As seen in delawareonline.com
By HIRAN RATNAYAKE, The News Journal
Posted Tuesday, June 5, 2007
As a child, Denise Marandola could pinpoint the pain to her mid-back, on the right half, at the tips of her ribs. When she bent over, the bulge on that right side rose higher than on the left. Marandola was 12 when she learned she had scoliosis.
Not everyone experiences pain. Most people who have scoliosis, an abnormal curvature of the spine, don't. At its worst, scoliosis can interfere with the function of organs, causing people's posture to become the shape of a crescent moon. Marandola, now 36, said she was told that the "achy, annoying, burning" pain stemmed from scoliosis.
It is usually diagnosed when children are entering puberty, most often in females. Three-to-five out of every 1,000 children develop scoliosis. Rarely does it begin to occur in adults.
While thought to be hereditary, the cause of most cases of scoliosis is unknown, said Dr. Peter Gabos, co-director of Alfred I. duPont Hospital for Children's Center for Spine and Scoliosis Surgery.
"We don't know whether it's linked to the X chromosome, whether it's due to the ligaments or due to some hormonal issue," he said.
People with mild scoliosis may not need treatment. Those with severe cases could undergo surgery or be fitted for a brace.
Dr. G. Dean MacEwen at the former Alfred I. duPont Institute developed the Wilmington Brace almost four decades ago. The braces have been successful in treating teenagers with scoliosis.
But, as a preteen, Marandola worried about wearing a brace.
"It scared me to death," she said. "I remember it really shook me up."
Marandola was monitored by duPont doctors for a few years to see if the scoliosis would worsen. It got better, and she could feel her curvature improving. Only when she did a lot of hands-on work did that achy feeling return.
At 19, though, she fell off a horse and into a fence. In intense pain, she took muscle relaxers and medications for a month. The pain remained, and she went to a chiropractor for pinched nerves. She also had her back adjusted because of the scoliosis. Now, Marandola is treated by Dr. Scott Rosenthal and works as an account manager for his Wilmington practice, Rosenthal Chiropractic.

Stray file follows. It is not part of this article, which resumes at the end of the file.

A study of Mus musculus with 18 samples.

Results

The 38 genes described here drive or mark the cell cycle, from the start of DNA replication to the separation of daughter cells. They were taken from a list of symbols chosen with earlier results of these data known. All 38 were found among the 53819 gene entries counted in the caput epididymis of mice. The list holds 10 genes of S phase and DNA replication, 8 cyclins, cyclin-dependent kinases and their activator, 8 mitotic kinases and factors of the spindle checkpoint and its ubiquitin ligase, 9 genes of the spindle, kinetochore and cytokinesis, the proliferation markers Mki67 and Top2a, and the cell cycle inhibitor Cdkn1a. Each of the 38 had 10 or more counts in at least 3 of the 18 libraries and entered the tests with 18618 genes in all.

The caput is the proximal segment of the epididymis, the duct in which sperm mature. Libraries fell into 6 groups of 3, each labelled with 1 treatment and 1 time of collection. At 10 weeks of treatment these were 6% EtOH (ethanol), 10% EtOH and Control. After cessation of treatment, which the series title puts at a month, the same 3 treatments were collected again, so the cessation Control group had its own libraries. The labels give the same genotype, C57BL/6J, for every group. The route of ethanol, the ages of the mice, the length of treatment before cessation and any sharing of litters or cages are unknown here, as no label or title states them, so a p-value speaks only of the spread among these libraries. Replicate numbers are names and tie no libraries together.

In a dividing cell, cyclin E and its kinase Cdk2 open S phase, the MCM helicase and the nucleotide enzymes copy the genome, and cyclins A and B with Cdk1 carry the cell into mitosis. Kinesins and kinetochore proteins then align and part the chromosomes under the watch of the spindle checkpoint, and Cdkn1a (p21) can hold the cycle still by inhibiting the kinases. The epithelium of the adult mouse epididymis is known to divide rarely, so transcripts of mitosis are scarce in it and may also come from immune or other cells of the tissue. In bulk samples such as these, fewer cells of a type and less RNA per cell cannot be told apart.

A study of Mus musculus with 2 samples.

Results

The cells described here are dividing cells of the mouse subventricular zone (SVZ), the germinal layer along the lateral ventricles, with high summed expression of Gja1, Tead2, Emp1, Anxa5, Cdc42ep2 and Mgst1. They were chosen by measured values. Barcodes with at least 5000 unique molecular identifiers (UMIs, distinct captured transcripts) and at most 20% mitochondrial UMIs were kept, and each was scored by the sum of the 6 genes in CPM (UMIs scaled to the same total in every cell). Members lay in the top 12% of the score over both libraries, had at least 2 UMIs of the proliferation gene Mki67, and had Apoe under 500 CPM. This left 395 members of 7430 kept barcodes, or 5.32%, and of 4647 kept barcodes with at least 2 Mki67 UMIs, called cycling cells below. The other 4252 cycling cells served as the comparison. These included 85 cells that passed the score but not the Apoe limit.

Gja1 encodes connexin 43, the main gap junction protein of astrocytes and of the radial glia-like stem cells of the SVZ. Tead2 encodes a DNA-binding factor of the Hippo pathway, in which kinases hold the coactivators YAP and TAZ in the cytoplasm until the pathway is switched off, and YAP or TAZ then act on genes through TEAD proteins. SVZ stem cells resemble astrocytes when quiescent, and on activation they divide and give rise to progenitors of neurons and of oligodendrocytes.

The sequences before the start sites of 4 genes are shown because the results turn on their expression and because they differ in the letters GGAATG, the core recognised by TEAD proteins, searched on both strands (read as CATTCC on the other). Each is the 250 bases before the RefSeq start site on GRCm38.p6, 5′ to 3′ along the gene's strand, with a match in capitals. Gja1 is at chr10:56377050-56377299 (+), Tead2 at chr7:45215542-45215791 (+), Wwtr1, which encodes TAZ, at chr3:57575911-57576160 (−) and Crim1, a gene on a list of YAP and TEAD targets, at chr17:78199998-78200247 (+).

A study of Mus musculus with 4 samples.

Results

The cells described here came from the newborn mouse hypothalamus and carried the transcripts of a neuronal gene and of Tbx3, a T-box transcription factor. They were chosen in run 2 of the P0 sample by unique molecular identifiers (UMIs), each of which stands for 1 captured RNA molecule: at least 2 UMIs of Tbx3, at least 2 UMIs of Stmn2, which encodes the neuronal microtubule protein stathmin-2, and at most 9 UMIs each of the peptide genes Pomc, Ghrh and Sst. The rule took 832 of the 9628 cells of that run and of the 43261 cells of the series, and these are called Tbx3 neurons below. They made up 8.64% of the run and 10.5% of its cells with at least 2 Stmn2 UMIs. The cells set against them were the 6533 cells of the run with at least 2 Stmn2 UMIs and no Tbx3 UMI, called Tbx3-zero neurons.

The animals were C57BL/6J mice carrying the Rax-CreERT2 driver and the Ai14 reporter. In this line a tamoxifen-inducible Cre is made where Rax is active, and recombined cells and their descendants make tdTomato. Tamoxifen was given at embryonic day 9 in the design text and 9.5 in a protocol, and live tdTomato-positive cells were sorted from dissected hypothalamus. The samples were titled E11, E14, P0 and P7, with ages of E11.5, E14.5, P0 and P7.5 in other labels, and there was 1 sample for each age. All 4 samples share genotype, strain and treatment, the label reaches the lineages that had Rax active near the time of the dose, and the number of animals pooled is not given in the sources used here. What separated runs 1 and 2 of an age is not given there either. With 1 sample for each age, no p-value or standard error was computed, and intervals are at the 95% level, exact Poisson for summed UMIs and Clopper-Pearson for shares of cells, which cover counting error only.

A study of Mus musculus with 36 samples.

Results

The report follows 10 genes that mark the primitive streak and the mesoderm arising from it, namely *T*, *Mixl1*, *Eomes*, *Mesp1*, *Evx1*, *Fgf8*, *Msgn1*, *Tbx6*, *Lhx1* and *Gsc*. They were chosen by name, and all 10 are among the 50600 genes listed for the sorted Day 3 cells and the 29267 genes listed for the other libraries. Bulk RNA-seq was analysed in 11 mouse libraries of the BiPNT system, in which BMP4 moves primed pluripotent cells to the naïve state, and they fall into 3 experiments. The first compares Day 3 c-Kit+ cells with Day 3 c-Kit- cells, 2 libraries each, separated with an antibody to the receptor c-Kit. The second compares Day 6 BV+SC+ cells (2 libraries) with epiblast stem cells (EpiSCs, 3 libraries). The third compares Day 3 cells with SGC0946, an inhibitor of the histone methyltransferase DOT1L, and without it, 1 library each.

Rosenthal said Marandola's individual spinal segments are more prone to misalignment and malfunction than people without scoliosis.
"We're trying to manage the existing weakness that she has with the scoliosis," he said. "I'm helping her spine maintain its proper alignment."
Scoliosis affects girls twice as often as boys, while the ratio of severe curves from scoliosis in girls to boys is about 7 to 1, Gabos said. It is easier to diagnose as children enter puberty since they are hitting a tremendous growth spurt.
"Typically, a sixth-grade girl will have very long legs and a very short trunk," Gabos said. "After that, they basically grow into their trunk, and during that very rapid phase of spine growth, the spine grows basically to meet the [growth] of the lower half of the body."
Surgery is typically performed on children with a spine curvature that exceeds 50 degrees. The main goal is to stop the curve from increasing. A secondary goal, Gabos said, is to rebalance the spine toward a more common contour.
"We're taking a lot of little, crooked bones and turning them into one straight solid bone," he said. "We don't treat the entire spine, only the part that's curved. The part above the curve and below the curve is left untouched."
Surgeries also can be done on adults, but they carry more risk.
"As we get older, we get stiff," Gabos said. "The chance that the spine will fuse and the operation will actually work is much higher in teenagers than it is in adults."
As a youngster in the 1940s, when spine surgeries were less advanced, Carol Johnson's parents had to decide whether an operation was best for her. Her scoliosis was discovered when she was 12.
Her parents opted against surgery. Johnson was told she'd never walk again or be able to bear children. But six decades later, she is still walking and has given birth twice. Now 72, she credits Rosenthal and his father, Mel, who also ran a chiropractic practice before retiring a few years ago.
"At times, if I don't go to a chiropractor, I can be in constant pain," said Johnson, who lives in Wilmington.
Marandola said seeing a chiropractor has helped her back. But there is a lack of evidence in medical research that these methods prevent spinal curvature from progressing.
"There haven't been well-funded studies on this concept," Rosenthal said. "But there's critical case studies that I've seen where [people with scoliosis] have had curve reductions."